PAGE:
Absurdity of hate evidenced in Klan rally, counterprotestNov. 9, 1999
This weekend, Waco played host to a display of the worst humanity has to offer.
On one side of the police barriers at the McLennan County Court House Saturday afternoon was a white mass of contradictions.
Yelling 'White Power' and offering the same salute offered to Hitler during the world's darkest period were 19 members of the Ku Klux Klan's Church of the American Knights. Donning white robes and large coned hats with masks attached, they professed racial equality and racial hatred; they lambasted the federal government while waving American flags; they criticized immaturity and ignorance while trading 'yo-mamma' jokes with counter-demonstrators; and they pridefully spoke of self-love while hiding their faces behind their signature masks.
On the other side of the barriers was a mosaic of confused onlookers and hostile protesters.
For the most part, they gathered out of morbid curiosity. They came to see hate personified; to quench that normally hidden desire, held deep down inside -- the one that watches hockey for the blood and NASCAR for the crashes; to see the conflict; to be a part of it. They wanted the Klan there on the steps of the courthouse . . . they wanted them right there, a stone's throw away, so they could tell the Klan it wasn't welcome in Waco.
Nobody listening. Everybody yelling. Nobody making any sense.
The American Knights' appearance in Waco was confusing to begin with.
Why, six years later, does the Klan come to Waco to protest the government's handling of the Branch Davidians? Why do they choose the McLennan County Courthouse as their venue? Why do they choose the Branch Davidians as their focus -- a group that included many minorities?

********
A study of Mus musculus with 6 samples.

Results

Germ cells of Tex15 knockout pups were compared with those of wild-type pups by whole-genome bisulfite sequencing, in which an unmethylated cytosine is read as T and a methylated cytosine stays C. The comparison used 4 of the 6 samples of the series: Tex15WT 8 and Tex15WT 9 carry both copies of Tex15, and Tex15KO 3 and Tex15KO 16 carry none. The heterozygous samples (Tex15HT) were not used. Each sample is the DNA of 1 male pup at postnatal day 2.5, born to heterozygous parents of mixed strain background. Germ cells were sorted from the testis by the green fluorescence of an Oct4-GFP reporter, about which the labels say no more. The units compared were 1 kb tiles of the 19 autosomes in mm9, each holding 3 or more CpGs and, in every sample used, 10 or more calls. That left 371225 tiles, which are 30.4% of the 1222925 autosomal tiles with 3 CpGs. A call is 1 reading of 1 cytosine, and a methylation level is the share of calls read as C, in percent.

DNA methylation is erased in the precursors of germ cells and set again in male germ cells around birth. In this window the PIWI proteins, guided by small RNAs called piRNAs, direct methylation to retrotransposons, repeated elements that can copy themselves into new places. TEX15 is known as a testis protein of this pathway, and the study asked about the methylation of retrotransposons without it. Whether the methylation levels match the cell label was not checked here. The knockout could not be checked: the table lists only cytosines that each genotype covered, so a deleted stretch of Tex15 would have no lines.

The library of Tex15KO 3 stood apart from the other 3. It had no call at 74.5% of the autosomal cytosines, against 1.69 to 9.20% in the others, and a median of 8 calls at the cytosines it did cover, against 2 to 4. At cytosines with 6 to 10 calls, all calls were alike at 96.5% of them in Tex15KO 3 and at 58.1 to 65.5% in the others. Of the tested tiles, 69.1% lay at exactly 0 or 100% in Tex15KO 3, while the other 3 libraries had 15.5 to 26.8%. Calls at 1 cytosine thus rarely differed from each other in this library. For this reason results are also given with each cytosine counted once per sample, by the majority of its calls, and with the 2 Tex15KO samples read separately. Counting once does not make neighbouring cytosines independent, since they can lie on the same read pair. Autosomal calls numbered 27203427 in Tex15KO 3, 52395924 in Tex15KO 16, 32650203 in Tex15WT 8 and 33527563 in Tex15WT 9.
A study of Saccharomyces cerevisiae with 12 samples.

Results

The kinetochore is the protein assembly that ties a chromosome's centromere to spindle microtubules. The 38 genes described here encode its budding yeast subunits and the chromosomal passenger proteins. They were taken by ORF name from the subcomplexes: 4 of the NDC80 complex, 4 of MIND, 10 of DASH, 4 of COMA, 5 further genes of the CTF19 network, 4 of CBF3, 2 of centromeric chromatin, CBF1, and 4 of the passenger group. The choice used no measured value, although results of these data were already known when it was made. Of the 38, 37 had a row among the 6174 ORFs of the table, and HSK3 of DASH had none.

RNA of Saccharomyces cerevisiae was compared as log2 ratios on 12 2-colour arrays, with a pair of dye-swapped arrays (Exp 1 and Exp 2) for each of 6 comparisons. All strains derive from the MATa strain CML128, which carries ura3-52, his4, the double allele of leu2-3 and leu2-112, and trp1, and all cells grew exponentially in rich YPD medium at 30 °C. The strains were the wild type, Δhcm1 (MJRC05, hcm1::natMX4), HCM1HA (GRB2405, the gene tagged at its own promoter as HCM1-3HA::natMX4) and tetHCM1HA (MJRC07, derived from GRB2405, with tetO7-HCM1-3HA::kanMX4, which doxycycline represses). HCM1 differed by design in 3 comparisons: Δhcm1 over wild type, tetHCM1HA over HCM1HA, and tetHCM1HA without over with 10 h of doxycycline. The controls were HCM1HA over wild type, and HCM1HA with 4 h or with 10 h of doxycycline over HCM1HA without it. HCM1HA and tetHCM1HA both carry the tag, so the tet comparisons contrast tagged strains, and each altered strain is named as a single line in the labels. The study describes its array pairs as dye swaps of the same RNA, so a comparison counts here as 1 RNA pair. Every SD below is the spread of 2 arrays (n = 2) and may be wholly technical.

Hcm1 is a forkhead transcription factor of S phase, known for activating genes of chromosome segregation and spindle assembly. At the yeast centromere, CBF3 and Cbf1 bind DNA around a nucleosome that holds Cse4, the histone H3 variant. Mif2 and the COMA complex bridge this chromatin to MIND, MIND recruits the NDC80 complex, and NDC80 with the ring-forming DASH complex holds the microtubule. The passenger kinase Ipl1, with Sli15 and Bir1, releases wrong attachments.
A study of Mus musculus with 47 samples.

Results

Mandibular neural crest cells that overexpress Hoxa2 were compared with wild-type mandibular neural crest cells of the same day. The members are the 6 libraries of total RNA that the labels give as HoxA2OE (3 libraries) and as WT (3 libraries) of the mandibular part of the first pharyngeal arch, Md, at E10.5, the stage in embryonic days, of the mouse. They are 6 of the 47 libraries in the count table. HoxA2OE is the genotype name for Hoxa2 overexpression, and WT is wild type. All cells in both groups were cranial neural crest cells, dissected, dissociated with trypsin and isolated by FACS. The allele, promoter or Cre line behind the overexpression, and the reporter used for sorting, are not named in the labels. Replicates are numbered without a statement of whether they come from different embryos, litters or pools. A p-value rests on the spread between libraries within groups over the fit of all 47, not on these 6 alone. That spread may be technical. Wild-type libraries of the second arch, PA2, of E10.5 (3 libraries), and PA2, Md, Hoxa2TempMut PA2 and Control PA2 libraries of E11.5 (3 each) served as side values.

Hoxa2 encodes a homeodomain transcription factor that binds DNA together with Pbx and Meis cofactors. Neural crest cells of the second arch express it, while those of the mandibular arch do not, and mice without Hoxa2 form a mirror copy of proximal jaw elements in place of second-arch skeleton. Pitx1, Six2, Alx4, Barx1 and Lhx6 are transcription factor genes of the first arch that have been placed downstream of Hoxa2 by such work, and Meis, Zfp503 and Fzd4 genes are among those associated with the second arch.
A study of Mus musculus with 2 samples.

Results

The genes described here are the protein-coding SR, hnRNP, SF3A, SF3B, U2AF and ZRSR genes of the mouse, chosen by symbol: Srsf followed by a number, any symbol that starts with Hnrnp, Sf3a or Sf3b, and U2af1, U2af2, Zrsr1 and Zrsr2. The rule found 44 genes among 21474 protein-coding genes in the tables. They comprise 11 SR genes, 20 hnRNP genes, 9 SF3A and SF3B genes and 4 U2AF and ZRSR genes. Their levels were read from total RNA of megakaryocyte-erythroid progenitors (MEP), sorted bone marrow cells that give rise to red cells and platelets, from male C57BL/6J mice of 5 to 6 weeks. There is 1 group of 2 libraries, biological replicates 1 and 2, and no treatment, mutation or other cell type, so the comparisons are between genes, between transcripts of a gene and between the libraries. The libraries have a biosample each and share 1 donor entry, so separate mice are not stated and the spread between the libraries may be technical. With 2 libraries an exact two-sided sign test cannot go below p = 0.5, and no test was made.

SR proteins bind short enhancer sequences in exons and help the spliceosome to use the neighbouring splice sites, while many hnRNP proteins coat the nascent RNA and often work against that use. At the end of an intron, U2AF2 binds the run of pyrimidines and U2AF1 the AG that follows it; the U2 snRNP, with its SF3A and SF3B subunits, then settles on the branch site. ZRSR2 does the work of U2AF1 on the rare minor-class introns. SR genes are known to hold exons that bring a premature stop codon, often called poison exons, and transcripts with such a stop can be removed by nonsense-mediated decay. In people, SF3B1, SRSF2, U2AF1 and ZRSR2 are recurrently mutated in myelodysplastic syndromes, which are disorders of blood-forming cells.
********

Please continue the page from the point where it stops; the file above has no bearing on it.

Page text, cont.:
Why all of a sudden do they claim to be about equal rights for everyone saying they hate no one? If this is really their new belief, they ought to inform their entire membership.
The third speaker for the masked group began his speech by declaring in front of everyone that he hates 'niggers,' 'spics,' 'gays' and 'Jews.' The imperial wizard did not flinch or protest at this statement, he only maintained his indignant, stoic expression.
This imperial wizard cursed into his microphone as much as he prayed. He had no prepared speech and no real point. He spent his time responding to his critics on the other side of the fence.
If his responses lacked continuity, he alone can't be blamed, the crowd did not seem sure of what it wanted to say to him either.
The self-proclaimed leader of the group was convinced that every person dressed in white on those steps was a federal agent.
No, seriously. He chanted into his megaphone with the lyricism of a dying duck, 'Klan are federal agents, Klan are federal agents.' He gave no reason for his claim, only relentless repetition.
Others among the crowd chastised the Klan for its declaration of 'White Power,' but every time the Knights said it, others chimed in with 'Black Power' or 'Indian Power' or 'Mexican Power.'
Even the authorities were not immune to the nonsense. Officers responded to questions of preparedness saying they were not taking the rally seriously. Yet, there were enough Texas Department of Public Safety officers, Waco police and Beverly Hills police to bring peace between the North and South during the Civil War. Often both sides were drowned out by the humming of a DPS helicopter overhead.
In the end, the rally lasted just more than an hour. The Klan retired to the courthouse to take off the disguises and the crowd dispersed with the protesters returning to their normal lives.
The exchange that at times deteriorated to petty, playground name-calling and teasing was over. The Klan had made its point, and the protesters had made theirs.
And we were none the better for it.
John Drake is a sophomore journalism and political science major from La Marque.